The American Bar Association is urging the Financial Accounting Standards Board to delay implementing a proposed standard for loss contingencies arising from business combinations, warning of harmful, unintended consequences.
ABA president H. Thomas Wells Jr., wrote a letter to FASB Chairman Robert Herz, referring to earlier comments sent by the ABA's former president and other organizations criticizing the measure (see FASB Litigation Proposals Under Fire).
The proposed amendment to FASB Statements 5 and 141(R), which is scheduled to go into effect for fiscal years beginning after Dec. 15, 2008, will require recognition and disclosure of loss contingencies assumed or acquired in connection with a business combination that are more likely than not to be incurred.
Companies would need to provide the amounts recognized at the acquisition date or an explanation of why no amount was recognized, the nature of recognized and unrecognized contingencies, and an estimate of the range of outcomes for the contingencies or, if a range cannot be estimated, the reasons it cannot be estimated. It also will require subsequent disclosure of any changes in the recognized amounts of liabilities arising from these loss contingencies and any changes in the range of outcomes and the reasons for those changes.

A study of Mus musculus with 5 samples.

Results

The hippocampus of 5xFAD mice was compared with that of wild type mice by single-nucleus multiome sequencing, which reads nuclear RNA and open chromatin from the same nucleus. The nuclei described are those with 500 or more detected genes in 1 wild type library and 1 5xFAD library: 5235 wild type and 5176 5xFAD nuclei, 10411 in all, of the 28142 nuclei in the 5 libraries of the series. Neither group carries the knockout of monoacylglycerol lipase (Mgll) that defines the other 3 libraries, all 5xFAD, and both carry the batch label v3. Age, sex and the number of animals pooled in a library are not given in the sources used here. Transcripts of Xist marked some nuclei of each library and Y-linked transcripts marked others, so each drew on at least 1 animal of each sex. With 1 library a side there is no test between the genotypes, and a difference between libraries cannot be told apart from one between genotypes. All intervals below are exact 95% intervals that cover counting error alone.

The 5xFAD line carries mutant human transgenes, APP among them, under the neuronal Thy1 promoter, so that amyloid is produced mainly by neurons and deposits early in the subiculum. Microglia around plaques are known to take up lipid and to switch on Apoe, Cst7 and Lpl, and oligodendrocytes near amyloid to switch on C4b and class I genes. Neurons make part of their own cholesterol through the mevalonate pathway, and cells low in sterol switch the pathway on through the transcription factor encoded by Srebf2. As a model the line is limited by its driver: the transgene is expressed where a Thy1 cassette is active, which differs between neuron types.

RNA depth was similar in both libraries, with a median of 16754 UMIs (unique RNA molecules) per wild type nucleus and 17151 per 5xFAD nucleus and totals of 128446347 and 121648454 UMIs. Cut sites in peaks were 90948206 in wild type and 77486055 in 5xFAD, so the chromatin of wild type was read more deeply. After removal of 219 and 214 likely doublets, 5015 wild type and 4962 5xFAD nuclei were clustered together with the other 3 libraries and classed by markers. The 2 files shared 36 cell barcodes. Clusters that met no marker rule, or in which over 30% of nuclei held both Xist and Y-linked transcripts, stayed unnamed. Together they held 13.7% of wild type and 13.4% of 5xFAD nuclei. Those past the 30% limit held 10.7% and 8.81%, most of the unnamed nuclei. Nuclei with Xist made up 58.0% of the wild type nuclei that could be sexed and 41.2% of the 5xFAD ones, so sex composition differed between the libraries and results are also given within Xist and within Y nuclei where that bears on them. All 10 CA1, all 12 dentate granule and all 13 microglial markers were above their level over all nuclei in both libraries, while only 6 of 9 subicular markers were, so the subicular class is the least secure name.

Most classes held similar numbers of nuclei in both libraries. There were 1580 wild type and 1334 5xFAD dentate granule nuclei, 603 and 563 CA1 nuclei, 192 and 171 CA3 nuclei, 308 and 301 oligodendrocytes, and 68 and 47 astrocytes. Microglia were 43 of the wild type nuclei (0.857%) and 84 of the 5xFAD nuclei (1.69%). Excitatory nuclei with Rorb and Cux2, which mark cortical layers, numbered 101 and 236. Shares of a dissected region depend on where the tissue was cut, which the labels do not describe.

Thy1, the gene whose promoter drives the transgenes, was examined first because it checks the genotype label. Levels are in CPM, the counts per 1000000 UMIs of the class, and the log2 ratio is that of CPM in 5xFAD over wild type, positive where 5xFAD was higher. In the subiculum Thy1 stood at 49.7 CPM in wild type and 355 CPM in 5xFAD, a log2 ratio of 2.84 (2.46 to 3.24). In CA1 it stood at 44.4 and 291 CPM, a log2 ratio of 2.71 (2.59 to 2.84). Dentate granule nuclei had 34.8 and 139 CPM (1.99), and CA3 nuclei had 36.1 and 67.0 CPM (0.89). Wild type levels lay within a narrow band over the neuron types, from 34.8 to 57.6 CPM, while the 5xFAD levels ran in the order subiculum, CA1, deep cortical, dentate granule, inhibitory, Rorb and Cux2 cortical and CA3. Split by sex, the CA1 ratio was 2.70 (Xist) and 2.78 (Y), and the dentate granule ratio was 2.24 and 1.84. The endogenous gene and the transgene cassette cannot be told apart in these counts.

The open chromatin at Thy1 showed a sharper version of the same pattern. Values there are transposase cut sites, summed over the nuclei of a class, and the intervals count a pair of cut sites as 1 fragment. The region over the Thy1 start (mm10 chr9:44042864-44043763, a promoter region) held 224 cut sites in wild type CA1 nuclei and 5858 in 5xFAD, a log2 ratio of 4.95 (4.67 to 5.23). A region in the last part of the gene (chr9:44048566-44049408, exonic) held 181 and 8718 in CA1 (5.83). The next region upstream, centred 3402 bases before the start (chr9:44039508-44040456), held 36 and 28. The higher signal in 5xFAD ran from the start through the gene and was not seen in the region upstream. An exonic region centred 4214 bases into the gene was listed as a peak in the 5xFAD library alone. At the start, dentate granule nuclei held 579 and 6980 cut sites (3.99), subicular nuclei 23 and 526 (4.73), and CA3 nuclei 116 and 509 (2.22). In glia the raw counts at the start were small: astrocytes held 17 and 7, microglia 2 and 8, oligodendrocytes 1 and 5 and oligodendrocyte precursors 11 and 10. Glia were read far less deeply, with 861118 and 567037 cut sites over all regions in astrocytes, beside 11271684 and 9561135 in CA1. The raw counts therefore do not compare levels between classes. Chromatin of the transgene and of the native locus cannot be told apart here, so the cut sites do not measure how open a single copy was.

The ABA believes the measure could lead to erosion of the attorney-client privilege and the work product doctrine during the audit process. "If adopted, the proposed amendments will have very profound and far-reaching effects on the business community, as well as the legal and accounting professions," wrote Wells.